BY SAVANNAH MARTINCIC, STAFF WRITER
In the 24 hours between Aug. 3 and Aug. 4, 29 people were killed and 53 were injured by firearm-wielding home-grown terrorists.
The Gun Violence Archive (GVA) defines a mass shooting as any incident in which four or more people are shot and/or killed in a single event, not including the shooter. The Aug. 4 shooting in Dayton, Ohio marked the third mass shooting of the week and the 295th mass shooting in just 216 days of 2019.
The bloody aftermath of the shooting this past Saturday in Odessa, Texas, then, was an all too familiar scene. By the GVA’s definition, the death of seven individuals in Odessa marked the 340th mass shooting of 2019. America has become a nation plagued by the highest rate of homicides by firearm in the developed world.
Suddenly desensitized to these mass killings, society has normalized shootings. Coverage of such large losses of life barely lasts a week in the news cycle, with much discussion around gun policy occurring in a single day, before the story disappears completely. Many are not even covered at all.
But mass shootings are getting harder to ignore as they become more frequent and more deadly. Eight of the last ten deadliest mass shootings in the United States have happened in just the past ten years.
In November of last year, the American College of Physicians (ACP) even published a paper that stated, “Firearm violence continues to be a public health crisis in the United States that requires the nation’s immediate attention.”
Following the publication of this paper, the National Rifle Association (NRA) tweeted at the ACP, telling them to “stay in their lane.” This comes despite the fact that hundreds of victims from mass gun violence lie bleeding out on emergency room tables across the country at ever-increasing rates.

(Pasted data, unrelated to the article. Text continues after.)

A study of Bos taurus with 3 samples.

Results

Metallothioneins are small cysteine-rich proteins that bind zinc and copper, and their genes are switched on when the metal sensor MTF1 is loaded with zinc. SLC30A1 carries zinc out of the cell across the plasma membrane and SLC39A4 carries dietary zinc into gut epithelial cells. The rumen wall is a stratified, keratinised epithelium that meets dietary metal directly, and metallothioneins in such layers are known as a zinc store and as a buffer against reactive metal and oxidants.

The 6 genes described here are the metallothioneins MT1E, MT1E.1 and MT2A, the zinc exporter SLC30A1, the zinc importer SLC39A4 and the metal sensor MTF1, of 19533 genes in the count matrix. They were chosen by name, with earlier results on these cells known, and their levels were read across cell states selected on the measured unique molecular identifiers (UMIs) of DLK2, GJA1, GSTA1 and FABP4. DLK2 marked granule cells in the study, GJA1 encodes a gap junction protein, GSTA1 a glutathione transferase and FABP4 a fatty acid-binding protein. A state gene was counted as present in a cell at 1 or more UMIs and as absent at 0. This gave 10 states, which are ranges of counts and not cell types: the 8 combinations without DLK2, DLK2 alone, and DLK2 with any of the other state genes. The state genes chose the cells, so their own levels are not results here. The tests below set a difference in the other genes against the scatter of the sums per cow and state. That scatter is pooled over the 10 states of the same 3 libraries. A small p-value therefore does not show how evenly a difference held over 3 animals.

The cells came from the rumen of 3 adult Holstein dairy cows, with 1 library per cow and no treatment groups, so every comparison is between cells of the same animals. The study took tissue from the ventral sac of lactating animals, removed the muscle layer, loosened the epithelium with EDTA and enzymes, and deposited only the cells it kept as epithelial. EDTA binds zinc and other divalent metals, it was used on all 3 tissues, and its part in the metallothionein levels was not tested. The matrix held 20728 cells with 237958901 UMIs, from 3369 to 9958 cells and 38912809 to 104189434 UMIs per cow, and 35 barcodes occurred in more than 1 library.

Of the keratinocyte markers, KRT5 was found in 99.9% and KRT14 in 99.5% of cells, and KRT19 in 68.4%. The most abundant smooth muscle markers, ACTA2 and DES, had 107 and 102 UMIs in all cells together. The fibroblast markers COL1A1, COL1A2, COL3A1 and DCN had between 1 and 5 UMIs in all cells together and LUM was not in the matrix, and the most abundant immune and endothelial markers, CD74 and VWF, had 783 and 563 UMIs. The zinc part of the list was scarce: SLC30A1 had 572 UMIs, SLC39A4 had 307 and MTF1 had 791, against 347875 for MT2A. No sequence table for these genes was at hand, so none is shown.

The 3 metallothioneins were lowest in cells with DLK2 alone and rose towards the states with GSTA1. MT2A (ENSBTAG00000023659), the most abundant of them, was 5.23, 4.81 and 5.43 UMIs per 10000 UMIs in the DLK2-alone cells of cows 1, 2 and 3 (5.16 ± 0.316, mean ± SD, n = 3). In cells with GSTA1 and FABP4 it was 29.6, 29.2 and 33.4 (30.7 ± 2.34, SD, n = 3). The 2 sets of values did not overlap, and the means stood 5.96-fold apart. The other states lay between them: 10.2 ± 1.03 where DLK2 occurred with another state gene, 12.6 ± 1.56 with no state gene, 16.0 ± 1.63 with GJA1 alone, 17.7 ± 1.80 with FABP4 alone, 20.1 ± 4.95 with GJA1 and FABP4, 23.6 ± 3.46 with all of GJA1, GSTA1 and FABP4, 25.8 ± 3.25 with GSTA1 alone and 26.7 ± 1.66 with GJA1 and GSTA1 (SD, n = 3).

Political officials, however, look to put the blame on video games or on mental health; anything to avoid recognizing the larger systemic issues at hand.
Why, you might wonder.
While it is reported that only about one in five gun owners are members of the NRA, it is still one of the most politically influential and polarizing organizations in the country. Over the past three years, the NRA has upped their contributions to lawmakers, with the annual amount of money allocated for lobbying rising from $3 million per year to $5 million in 2017.
The NRA’s donations to election campaigns of candidates who oppose gun control laws allow it to continue to have a political chokehold on what can actually be accomplished in legislation, leaving too many Americans questioning the system and doubting the potency their vote has.
The group also creates narratives that pit gun control supporters against the Second Amendment in a desperate effort to drum up paranoia amongst gun owners. In actuality, these groups want to strengthen the rights owed by the amendment to law-abiding gun owners.
During the 1960s, federal and state gun laws restricted most shotguns to three rounds and semiautomatic rifles and handguns to 20 rounds. Gun companies were flourishing and gun owners and anti-gun individuals alike were satisfied with reasonable restrictions on firearms. And most importantly, they could limit body counts at mass shootings.
Today, AR-15s with drum magazines can hold up to 300 rounds. The Dayton shooter was able to kill nine and injure 27 people in just 32 seconds. His AR-15 had a 100-round magazine. 32 seconds.
Though it seems that today the NRA’s money speaks more loudly than the blood being shed across this nation. If the NRA continues to spread its falsified narrative about the desecration of the Second Amendment, and if it continues to shovel money into politicians’ pockets, this nation can expect to see zero progress in sensible gun legislation.